Apparel Marketplace Twice Drums Up Interest On Pinterest

AmpushTwicePinterest is proving to be a nice fit for secondhand online clothier Twice.

The company, which acts as a sort of hybrid Amazon/eBay-like marketplace for gently used duds, had seen success with all the usual marketing mix suspects – display, search ads, Facebook, Twitter – but it was on the hunt for a fresh channel to reach and acquire new users.

When Pinterest started running beta tests on its ads API with select marketing developer partners (MDP) earlier this year, Twice was one of the first in line, working with mobile ad company Ampush to take the platform’s paid offering for a spin.

Ampush, which is also partnered with Facebook, Instagram and Twitter, was one of eight companies named to Pinterest’s MDP program when Pinterest officially launched its ads API in June. That list also included 4C, Adaptly, Brand Networks, HYFN, Kinetic Social, SocialFlow and SocialCode.

“We were particularly interested in Pinterest because it was new and because Facebook and Twitter are getting pretty saturated,” said Chris Luhur, director of marketing and community at Twice. “We were looking for new areas to test.”

But Twice, whose core audience is young men and women in their mid-20s and early 30s, faces a particular challenge, one that most other ecommerce companies don’t have to deal with. Whereas other ecom players have a storehouse of inventory behind the products they sell, each item posted on Twice is ostensibly unique, like a thrift store.

It’s a consideration that played into both the creative and the copy that Twice produced for Pinterest.

“There was a noticeable increase in click-through rate and conversion rate when the copy explained what Twice is all about and the specific benefits of buying unique secondhand clothes at lower prices than retail,” said Arjun Malhotra, senior media analyst at Ampush, which helped guide Twice as it ran its first paid experiments on Pinterest.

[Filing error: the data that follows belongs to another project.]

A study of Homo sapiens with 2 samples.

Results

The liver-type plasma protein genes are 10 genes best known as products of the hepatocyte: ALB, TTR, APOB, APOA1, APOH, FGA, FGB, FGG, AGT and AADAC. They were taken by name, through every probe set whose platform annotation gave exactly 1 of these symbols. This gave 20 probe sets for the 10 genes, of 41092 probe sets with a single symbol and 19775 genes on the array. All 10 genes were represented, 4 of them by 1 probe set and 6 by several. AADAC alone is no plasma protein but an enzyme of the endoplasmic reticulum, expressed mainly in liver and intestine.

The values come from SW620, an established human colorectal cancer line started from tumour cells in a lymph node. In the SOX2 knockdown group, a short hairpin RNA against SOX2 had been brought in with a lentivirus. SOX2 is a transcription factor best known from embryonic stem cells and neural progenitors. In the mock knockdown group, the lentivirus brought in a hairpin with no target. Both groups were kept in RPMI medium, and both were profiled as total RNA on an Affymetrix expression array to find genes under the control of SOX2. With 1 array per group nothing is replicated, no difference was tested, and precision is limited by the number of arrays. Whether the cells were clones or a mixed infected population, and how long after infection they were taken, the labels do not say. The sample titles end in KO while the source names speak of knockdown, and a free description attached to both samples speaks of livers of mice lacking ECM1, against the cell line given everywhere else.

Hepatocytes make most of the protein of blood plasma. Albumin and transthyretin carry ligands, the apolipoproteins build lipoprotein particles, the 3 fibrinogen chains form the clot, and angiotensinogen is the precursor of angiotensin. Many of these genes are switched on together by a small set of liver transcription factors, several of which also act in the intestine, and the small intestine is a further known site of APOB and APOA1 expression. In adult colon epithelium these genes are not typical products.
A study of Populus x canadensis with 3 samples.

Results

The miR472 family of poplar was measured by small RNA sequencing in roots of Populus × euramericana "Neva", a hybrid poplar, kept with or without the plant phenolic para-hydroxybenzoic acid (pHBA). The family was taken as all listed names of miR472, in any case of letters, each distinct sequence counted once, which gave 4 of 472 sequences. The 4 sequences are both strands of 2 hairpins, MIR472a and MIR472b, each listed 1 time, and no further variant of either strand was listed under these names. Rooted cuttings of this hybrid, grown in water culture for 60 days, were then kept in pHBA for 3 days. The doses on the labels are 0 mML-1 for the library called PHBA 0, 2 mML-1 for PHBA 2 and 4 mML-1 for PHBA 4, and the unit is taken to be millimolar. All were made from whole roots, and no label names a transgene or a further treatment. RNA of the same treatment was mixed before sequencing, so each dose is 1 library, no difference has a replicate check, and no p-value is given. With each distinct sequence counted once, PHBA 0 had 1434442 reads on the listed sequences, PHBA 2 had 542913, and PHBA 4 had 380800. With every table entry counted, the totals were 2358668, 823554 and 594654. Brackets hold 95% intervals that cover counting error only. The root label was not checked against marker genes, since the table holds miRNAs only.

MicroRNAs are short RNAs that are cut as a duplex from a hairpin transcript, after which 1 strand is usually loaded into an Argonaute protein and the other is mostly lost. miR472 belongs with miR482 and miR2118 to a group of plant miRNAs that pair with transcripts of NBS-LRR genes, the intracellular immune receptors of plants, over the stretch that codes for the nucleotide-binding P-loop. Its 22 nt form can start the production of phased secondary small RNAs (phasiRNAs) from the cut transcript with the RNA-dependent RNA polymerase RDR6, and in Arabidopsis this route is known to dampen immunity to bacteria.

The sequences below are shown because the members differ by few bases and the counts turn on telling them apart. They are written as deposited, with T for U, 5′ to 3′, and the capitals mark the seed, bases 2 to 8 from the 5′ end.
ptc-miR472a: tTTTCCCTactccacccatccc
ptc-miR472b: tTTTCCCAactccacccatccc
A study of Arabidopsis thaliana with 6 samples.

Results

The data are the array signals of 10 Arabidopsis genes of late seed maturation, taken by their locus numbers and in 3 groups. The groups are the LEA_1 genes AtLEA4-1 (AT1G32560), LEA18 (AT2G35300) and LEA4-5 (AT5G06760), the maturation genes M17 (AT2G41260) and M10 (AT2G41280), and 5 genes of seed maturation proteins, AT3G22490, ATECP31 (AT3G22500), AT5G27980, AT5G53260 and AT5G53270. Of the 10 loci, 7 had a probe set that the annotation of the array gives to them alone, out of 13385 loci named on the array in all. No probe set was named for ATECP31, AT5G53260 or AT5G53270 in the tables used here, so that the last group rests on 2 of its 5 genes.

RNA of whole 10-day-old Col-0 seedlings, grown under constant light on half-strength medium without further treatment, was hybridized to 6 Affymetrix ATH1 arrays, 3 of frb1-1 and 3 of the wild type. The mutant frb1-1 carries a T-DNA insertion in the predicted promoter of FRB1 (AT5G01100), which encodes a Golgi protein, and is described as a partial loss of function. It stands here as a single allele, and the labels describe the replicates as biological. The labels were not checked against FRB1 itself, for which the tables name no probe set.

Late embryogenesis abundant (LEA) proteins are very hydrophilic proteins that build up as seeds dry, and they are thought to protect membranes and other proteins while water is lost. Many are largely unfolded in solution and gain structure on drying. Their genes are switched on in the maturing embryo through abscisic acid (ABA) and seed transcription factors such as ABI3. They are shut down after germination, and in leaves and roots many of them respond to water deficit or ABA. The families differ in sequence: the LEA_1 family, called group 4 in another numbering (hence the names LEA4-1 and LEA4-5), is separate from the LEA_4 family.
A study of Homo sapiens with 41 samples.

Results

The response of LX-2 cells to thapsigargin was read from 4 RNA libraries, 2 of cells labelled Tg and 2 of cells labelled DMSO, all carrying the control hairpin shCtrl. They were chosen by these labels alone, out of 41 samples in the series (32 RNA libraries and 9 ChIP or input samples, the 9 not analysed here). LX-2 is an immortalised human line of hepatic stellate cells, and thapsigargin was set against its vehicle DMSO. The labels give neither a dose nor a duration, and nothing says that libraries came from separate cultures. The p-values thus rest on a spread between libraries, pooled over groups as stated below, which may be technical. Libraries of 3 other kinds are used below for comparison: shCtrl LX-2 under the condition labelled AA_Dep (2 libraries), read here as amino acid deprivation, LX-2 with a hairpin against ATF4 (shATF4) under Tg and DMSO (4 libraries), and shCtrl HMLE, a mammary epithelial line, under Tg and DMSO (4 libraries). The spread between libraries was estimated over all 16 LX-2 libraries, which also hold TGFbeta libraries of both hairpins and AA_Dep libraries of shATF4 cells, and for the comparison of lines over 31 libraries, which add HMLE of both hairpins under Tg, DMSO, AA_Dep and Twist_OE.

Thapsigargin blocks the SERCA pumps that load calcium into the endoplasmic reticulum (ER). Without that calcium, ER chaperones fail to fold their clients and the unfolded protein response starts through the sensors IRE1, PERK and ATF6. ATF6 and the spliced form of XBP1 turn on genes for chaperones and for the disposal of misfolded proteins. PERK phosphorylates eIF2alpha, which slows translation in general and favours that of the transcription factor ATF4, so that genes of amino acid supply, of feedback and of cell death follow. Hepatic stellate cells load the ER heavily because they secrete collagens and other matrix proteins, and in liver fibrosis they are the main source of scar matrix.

Ampush took a two-pronged approach to targeting, one granular and one broad.

In the first case, Ampush targeted against keyword searches for specific items, such as “jeans” or “denim,” alongside creative featuring an image of whatever product had been the subject of the search.

That was effective at hitting people who already had an idea of what they were looking for. To get reach, Ampush also homed in on more general searches for terms along the lines of “secondhand clothes” or “spring fashion DIY” paired with creative that brought together multiple product shots, demonstrating what an entire outfit purchased off Twice could look like.

Over the course of the test, Twice saw a 12% uptick in click-through rate and a 46% boost in conversion rate, coupled with a 33% decrease in cost per acquisition and a 4% reduction in the cost per click compared to other channels. The repin rate, in other words the percent of users who were exposed to an impression and then chose to repin it, increased by 22%.

TWICEpinThat last number speaks in part to what Jyri Kidwell, head of marketing developer partnerships at Pinterest, referred to as the often “evergreen” nature of content on Pinterest.

“It’s a powerful thing for marketers to get an understanding of how downstream engagement can impact their marketing objectives,” Kidwell said, when AdExchanger caught up with him at the time of Pinterest’s ads API launch in June.

There’s an organic feel to promoted content on Pinterest that in many cases drives continued shares and conversions long after the original posting, said Ampush’s Malhotra.

That could be due to the highly visual nature of Pinterest or to the way most users choose to engage with it as opposed to other platforms. Whereas Facebook might be the place where someone goes to tell their friends and family that they bought a house, Pinterest is more likely the destination when that person wants to look for design ideas on how to furnish the house.

“It’s indicative of the way we’re seeing people use Pinterest,” Malhotra said. “They come to Pinterest looking for products they might potentially want to buy, and when people are in that mindset they’re more likely to engage with content in a shareable way.”